A desire to browse the internet and use apps, combined with low cost devices, is driving mobile device growth in New Zealand says telecommunications manufacturer Ericsson.
According to its 2012 ConsumerLab report 7 percent of New Zealanders currently own a tablet device, and 20 percent say they expect to own one in the next six months.
Ericsson says this figure is exactly the same as the current average global results.
The survey found that around one third of New Zealanders have a smartphone, and this is expected to increase to 50 percent in the near future.
This too is par with the average global results, according to Ericsson.
Kursten Leins, Ericsson Australia New Zealand GM of strategic marketing, told Computerworld the key drivers for smartphone adoption is email and app use, while the range of cheap but capable handsets makes the transition from standard phones to smartphones much easier for consumers.
Similarly, cheaper tablets and a desire to browse the web and portability is driving uptake in tablets.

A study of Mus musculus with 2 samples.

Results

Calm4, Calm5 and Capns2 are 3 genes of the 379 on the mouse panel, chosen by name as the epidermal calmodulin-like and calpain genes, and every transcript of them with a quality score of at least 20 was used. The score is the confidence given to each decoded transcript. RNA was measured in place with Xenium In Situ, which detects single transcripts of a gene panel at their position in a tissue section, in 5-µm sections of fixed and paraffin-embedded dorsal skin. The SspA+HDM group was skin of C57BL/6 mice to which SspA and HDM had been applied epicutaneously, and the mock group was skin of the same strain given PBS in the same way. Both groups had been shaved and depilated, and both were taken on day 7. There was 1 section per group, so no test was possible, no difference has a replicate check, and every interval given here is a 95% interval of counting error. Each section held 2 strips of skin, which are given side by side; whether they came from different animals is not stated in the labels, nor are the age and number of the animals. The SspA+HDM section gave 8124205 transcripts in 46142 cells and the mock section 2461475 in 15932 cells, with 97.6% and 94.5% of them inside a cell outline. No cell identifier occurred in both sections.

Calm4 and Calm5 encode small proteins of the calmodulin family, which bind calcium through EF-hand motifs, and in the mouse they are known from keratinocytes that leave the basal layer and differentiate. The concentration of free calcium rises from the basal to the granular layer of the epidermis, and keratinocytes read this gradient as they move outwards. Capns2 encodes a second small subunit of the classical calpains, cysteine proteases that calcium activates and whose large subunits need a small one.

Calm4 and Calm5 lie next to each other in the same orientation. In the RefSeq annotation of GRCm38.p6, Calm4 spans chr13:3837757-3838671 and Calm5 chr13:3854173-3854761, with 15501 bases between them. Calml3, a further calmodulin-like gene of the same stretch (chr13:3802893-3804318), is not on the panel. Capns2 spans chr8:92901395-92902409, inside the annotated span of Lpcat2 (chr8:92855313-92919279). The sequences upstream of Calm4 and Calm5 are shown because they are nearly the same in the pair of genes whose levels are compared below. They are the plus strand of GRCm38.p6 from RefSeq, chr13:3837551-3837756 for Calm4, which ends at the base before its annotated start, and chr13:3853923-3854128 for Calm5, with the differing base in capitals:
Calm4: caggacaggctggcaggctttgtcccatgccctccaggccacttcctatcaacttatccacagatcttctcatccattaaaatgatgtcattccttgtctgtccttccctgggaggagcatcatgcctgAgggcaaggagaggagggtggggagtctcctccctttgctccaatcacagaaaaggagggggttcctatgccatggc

While the adoption of smart devices is on par with the average global numbers, Leins says New Zealand is behind the trend in neighbouring Asian countries.
"What these numbers shows isn't necessarily rapid uptake but bringing New Zealand more in line with other markets," says Leins.
The majority of mobile activity in New Zealand is SMS and voice based, says the report, but around half of New Zealanders use their phones to access the internet.
Almost half of Kiwi smartphone owners use apps on a daily basis, with communication/social networking (56 percent), gaming (52 percent), and video apps (37 percent) the most popular.
Leins says mobile app developers should look to building weather and electronic payment apps as a quarter of New Zealanders are interested in using those services.
The Ericsson ConsumerLab 2012 report is based on an online survey of 500 New Zealanders.